Australia to launch investigation of Confucius Institutes at 13 universities

Contracts between schools and Chinese government raise concerns over Beijing's influence in academic institutions


A Sydney Morning Post article published July 25 reports that private contracts between eleven Australian universities and the Chinese government reveal that schools must submit to Beijing’s diktats regarding teaching and curriculums at the Confucius Institutes.

The eleven contracts mentioned in the report reveal more sweeping authority given to the Beijing-based Hanban in matters regarding academics than previous contracts signed by other universities. The news has prompted further concern about the direction and purpose of the Chinese-backed language institutions at Australian schools.

In light of the report, Australian Attorney-General Christian Porter has announced that the government will be launching an investigation into the Confucius Institutes and university relations with Hanban to determine if there have been any violations of recently passed laws regarding foreign interference, reports Channel News Asia.

The University of Queensland (UQ) is one school that will be targeted in the probe. The Sydney Morning Herald quotes a spokeswoman from the university as claiming that the school is trying to renegotiate a new contract that will give UQ full authority over programs and curriculum at the Confucius Institute.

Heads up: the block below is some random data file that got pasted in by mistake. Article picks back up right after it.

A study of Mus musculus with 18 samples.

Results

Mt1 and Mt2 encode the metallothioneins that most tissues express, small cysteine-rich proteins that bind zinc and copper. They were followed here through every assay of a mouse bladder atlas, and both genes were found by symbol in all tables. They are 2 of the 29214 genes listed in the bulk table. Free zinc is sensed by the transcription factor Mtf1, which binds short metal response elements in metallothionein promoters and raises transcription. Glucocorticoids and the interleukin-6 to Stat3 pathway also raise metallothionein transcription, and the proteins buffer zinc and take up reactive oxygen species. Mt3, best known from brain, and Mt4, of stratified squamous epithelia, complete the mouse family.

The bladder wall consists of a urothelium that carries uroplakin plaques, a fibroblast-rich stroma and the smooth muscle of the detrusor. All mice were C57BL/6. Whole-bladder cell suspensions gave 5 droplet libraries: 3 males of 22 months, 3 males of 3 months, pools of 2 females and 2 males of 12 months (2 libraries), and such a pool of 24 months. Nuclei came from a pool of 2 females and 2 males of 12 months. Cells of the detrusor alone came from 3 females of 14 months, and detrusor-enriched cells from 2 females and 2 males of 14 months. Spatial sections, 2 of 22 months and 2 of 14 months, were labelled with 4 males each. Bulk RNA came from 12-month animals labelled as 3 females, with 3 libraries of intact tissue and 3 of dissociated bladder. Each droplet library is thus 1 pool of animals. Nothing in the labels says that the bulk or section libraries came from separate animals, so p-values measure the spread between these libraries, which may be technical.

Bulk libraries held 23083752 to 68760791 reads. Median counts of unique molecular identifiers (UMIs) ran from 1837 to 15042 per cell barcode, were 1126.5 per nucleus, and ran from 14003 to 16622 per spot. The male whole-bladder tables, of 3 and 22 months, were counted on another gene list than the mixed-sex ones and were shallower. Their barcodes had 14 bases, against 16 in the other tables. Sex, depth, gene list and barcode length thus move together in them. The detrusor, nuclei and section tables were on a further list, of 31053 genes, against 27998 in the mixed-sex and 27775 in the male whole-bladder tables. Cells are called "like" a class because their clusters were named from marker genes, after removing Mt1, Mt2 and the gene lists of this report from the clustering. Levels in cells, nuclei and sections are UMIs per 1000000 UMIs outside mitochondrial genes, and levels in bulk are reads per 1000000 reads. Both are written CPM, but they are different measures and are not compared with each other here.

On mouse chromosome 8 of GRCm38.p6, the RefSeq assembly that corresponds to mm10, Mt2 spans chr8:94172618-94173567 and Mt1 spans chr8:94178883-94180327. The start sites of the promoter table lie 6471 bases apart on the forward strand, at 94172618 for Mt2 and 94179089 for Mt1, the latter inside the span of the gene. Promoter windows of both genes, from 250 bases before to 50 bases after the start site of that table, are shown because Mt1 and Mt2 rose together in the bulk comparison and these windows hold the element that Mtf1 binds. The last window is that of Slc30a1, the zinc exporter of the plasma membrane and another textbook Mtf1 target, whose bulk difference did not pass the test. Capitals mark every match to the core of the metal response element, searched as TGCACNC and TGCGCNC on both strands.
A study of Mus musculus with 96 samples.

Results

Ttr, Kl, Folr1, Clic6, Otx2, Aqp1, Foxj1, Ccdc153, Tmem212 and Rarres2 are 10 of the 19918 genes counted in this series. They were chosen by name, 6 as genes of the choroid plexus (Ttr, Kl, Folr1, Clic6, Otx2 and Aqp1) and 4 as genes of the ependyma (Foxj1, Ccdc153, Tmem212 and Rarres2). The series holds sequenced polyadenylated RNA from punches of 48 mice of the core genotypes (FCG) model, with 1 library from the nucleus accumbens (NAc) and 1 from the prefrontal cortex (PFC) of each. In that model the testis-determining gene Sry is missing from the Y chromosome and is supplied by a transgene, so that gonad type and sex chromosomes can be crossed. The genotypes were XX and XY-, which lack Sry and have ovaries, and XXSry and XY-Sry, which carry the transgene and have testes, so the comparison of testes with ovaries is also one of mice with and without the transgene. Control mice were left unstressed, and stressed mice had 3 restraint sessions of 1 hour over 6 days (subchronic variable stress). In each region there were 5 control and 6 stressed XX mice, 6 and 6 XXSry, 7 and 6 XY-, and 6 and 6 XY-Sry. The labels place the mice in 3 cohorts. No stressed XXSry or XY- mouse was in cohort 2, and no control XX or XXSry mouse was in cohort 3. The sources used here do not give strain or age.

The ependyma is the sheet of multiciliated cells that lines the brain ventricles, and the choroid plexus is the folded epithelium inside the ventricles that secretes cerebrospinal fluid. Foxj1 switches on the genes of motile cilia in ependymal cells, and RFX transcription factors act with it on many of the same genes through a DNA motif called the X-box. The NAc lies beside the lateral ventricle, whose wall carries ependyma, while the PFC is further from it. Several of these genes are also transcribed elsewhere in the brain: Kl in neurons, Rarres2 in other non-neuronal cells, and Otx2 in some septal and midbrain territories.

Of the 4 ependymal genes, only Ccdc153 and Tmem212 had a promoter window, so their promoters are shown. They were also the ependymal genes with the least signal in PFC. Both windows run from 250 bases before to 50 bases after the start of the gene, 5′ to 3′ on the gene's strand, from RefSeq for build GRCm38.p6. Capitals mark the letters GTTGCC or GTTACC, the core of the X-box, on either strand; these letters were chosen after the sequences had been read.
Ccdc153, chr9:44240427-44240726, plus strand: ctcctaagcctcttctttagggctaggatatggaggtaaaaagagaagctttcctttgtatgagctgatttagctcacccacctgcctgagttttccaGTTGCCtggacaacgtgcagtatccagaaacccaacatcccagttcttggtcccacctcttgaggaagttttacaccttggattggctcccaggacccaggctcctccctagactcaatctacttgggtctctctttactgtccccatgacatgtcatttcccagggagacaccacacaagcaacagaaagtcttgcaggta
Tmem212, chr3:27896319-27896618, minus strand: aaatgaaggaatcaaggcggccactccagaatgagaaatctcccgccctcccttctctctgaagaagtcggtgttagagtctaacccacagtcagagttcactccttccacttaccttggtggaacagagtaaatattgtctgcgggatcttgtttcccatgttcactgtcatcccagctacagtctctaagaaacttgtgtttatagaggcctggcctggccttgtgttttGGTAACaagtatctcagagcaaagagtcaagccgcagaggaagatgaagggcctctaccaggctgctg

The Confucius Institute at Queensland University was recently at the center of a student protest which saw pro-CCP students attack pro-Hong Kong and pro-Tibet demonstrators on campus.

Despite the claims that the Confucius Institutes promote an image of China that is apolitical, there have been an increasing number of concerns and complaints in Australia that the language centers are being utilized by the Communist government in Beijing as a means of disseminating propaganda on university campuses. They have also been accused of keeping universities on a party-approved agenda in regards to teaching, discussing, and printing material related to issues Beijing considers sensitive.

The Attorney-General told media that, over the past few months, there have been calls to investigate the Confucius Institutes and to force the centers to register as offices of foreign agents in Australia. Similar calls have also been made in the United States recently.

At least 13 universities will be targeted in the probe to determine if the Confucius Institutes have breached provisions of the Foreign Transparency Initiative (FITS), which was implemented in 2017. However, the four universities set to undergo the heaviest scrutiny look to be the University of Queensland, La Trobe University, Griffith University, and Charles Darwin University, according to Channel News Asia.